US top court unlikely to delay health care ruling
WASHINGTON -- The U.S. Supreme Court on Monday appeared prepared to decide the fate of President Barack Obama's sweeping health care law soon, rather than delaying for years a ruling on the mandate that Americans buy insurance or pay a penalty.
In the first of three days of historic arguments, the justices voiced doubt that a U.S. tax law requiring that people pay first and litigate later should postpone a ruling on the legal challenge to the president's signature domestic legislative achievement.
At the core of the health care law, signed by Obama in 2010, is a requirement that people obtain health insurance by 2014 or pay a penalty. The question on Monday was whether people can challenge this so-called individual mandate before paying the penalty and seeking a refund.
The Obama administration and the challengers — including 26 of the 50 states — agreed that the case should be decided now. One of the four U.S. appeals courts that ruled on the law prior to the case going to the high court held that the tax law barred the challenges until the penalty was paid. The justices then appointed an outside private lawyer to argue that position.
The nine justices, five appointed by Republican presidents and four by Democratic presidents, plan to hear up to six hours of arguments over three days. They are expected to rule on the case by late June.
The law was passed by Congress when both the Senate and House of Representatives were controlled by Obama's fellow Democrats. The court's consideration of the fate of the law presents high stakes for Obama as he campaigns for re-election on Nov. 6.
U.S. conservatives revile the law, denouncing it as unwarranted government intrusion into the lives of Americans, and the Republican candidates battling to become their party's nominee to challenge Obama have promised to try to repeal it.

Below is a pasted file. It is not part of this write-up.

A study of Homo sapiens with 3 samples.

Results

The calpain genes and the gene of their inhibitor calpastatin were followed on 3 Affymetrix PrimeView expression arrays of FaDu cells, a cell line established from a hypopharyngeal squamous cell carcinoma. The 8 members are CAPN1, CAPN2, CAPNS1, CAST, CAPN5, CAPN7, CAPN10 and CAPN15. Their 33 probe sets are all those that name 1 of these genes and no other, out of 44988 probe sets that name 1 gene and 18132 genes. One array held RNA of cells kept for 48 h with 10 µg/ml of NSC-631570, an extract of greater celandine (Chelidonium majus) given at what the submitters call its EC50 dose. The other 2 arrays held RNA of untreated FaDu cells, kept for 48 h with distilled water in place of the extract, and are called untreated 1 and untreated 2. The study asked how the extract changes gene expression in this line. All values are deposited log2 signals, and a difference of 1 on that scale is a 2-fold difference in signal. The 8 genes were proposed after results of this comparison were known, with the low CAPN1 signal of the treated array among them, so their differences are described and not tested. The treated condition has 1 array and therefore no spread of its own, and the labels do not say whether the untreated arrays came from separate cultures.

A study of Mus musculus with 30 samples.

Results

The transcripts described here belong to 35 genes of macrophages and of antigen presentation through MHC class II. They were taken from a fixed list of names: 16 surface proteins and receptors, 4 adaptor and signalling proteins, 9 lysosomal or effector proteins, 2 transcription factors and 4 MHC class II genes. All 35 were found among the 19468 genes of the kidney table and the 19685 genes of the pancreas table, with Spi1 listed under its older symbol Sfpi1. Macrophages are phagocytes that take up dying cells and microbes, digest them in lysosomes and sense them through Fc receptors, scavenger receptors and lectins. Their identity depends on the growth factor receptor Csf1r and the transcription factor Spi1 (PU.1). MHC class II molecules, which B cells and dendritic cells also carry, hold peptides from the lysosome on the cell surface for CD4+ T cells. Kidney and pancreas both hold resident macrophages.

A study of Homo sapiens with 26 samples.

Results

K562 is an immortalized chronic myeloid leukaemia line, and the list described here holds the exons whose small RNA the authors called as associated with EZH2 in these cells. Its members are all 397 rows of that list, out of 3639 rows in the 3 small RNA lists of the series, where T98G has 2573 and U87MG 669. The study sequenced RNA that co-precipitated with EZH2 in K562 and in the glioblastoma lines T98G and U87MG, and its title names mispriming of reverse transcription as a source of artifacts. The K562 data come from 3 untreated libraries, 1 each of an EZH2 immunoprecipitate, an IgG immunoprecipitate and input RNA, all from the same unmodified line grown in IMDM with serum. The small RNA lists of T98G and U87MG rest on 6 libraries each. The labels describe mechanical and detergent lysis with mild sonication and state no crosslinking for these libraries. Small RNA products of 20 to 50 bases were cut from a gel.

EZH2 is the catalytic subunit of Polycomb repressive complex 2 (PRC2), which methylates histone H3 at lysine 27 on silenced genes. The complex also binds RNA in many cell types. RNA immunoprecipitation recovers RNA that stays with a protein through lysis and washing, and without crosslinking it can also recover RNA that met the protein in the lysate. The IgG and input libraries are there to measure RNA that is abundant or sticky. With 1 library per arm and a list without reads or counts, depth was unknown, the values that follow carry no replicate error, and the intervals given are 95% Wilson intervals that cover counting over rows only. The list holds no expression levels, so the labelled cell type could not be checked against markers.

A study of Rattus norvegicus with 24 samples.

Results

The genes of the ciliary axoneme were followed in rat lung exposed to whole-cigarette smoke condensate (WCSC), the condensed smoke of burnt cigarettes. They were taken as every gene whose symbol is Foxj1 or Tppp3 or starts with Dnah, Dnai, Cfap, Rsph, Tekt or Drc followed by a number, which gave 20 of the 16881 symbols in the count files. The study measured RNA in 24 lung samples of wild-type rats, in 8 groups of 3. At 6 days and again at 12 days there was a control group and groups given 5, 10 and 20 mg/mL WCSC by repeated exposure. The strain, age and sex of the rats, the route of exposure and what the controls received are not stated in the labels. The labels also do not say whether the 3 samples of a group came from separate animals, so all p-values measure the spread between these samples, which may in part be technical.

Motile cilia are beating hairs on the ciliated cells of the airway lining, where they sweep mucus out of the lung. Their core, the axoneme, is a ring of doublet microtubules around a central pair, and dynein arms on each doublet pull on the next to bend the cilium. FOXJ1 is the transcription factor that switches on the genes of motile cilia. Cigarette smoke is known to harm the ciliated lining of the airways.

In Monday's arguments lasting 89 minutes, justices across the ideological spectrum asked skeptical questions about whether the penalty was indeed a tax. If not deemed a tax, then the justices can move forward to decide the merits of whether the law is constitutional.
“Here, they did not use that word tax,” liberal Justice Stephen Breyer said, referring both to lawmakers who crafted the legislation in Congress and to their intent.
Another liberal Democratic appointee to the high court, Justice Ruth Bader Ginsburg, also expressed skepticism. “This is not a revenue-raising measure because, if it's successful, nobody will pay the penalty and there will be no revenue to raise.”
Conservative Antonin Scalia was also among those justices who suggested by his questions that allowing the case to go forward would not broadly undercut federal tax policy.
'No parade of horribles'
“There will be no parade of horribles,” Scalia said, noting that lower court judges would be able to determine when to make exceptions to the usual rules governing general tax penalties and law.
Chief Justice John Roberts, the leader of the conservative majority, observed that the court's past cases cut in both directions and that it was unclear that the case could not go forward.
The law, intended to transform health care for millions of people in the United States, has generated fierce political debate. Republican opponents of the law say it will financially burden states, businesses and individuals.
The law has been viewed as the crowning achievement of Obama's domestic legislative agenda, but challengers say Congress exceeded its constitutional power to regulate commerce with the individual mandate.